Property is one of the most important possessions a person can have. It represents not only a place to live or do business but also a tangible asset that can be bought and sold. Normally, a person will use a solicitor for their conveyancing but with enough preparation, it is possible to transfer a mortgaged property in the UK yourself.
Contact the lending provider who gave you the mortgage on the property to discuss the transfer of the house. The mortgage provider holds an interest in the property and must therefore agree to the transfer. If they agree, it is usually the case that either the mortgage on the property will be transferred from your name to the other party or you will be required to repay the outstanding value before the transfer goes ahead.
Visit the H.M. Revenue and Customs website or contact your nearest H.M.R.C. office to get a copy of the SDLT60 form. Because the property is mortgaged, the person receiving the transferred property is deemed to have paid the outstanding value of the mortgage in exchange for the property. He, therefore, may have to pay stamp duty on it if the value of the mortgage is more than £240,061 (£250,000). Complete the form and return it.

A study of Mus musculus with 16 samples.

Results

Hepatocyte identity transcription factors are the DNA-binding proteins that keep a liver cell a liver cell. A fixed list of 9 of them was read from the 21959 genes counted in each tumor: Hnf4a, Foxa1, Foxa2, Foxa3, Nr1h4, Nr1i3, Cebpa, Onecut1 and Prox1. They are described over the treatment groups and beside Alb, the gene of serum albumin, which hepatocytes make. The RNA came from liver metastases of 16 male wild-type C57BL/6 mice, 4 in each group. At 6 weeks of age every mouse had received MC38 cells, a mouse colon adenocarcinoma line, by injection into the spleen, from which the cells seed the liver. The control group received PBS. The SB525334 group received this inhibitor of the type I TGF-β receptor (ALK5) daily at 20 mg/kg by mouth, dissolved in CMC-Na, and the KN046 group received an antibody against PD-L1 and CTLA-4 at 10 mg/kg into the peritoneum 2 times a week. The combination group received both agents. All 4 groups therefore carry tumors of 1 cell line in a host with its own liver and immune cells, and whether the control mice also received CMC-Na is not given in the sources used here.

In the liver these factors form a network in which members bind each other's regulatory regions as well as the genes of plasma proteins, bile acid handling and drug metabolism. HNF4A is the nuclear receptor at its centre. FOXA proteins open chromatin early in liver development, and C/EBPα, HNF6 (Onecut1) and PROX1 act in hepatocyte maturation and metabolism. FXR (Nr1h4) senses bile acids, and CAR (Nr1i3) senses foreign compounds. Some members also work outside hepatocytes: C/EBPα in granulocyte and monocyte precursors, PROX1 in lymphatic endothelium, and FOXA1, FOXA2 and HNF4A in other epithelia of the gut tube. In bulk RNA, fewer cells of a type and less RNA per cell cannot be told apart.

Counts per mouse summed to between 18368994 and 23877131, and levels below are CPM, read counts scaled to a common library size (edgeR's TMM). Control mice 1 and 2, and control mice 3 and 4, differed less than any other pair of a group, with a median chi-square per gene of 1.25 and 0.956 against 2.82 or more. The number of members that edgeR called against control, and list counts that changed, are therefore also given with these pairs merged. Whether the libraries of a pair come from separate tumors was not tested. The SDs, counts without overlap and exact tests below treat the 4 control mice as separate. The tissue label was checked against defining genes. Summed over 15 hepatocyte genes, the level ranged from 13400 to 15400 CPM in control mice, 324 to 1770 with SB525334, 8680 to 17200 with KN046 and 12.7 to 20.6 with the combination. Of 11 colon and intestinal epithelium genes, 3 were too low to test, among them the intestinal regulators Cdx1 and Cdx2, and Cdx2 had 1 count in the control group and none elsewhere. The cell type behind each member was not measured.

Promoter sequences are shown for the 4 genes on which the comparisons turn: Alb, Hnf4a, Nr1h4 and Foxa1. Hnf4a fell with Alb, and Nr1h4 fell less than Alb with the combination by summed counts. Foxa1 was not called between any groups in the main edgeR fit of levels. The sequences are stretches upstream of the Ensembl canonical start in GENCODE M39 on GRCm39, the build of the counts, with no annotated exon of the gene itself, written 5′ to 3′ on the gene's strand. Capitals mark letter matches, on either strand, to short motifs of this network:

Contact your local Land Registry office or visit the Land Registry website to get a copy of both the TR1 and AP1 forms. Complete these to transfer the property from yourself to the new owner. Return the forms with a check to cover the processing fee. The size of the fee depends on the value of the property, so consult the Land Registry for exact details.
Transfer the title deeds for the property to the new owner. This transfers legal proof of ownership from the current holder to the new holder of the deeds and is the best way of proving ownership. If you do not have a copy of the title deeds, contact the land registry and the conveyancing solicitor you used when purchasing the property, as the deeds may still be in their archives.
Although H.M. Revenue and Customs and the Land Registry cannot provide legal advice regarding capital gains tax and conveyancing, they are specialists in their fields and will be able to advise you on many aspects of both the transfer process and completing the forms. If you require assistance, contact the relevant department on the telephone number provided with the forms.
The conveyancing documents provided by the Land Registry are legal documents, and as such, if you provide false or incorrect information on them you may be liable for a fine or even imprisonment depending on the circumstances. Similarly, providing incorrect information to H.M. Revenue and Customs that results in you or the transferee paying no capital gains tax may lead to fines and prosecution.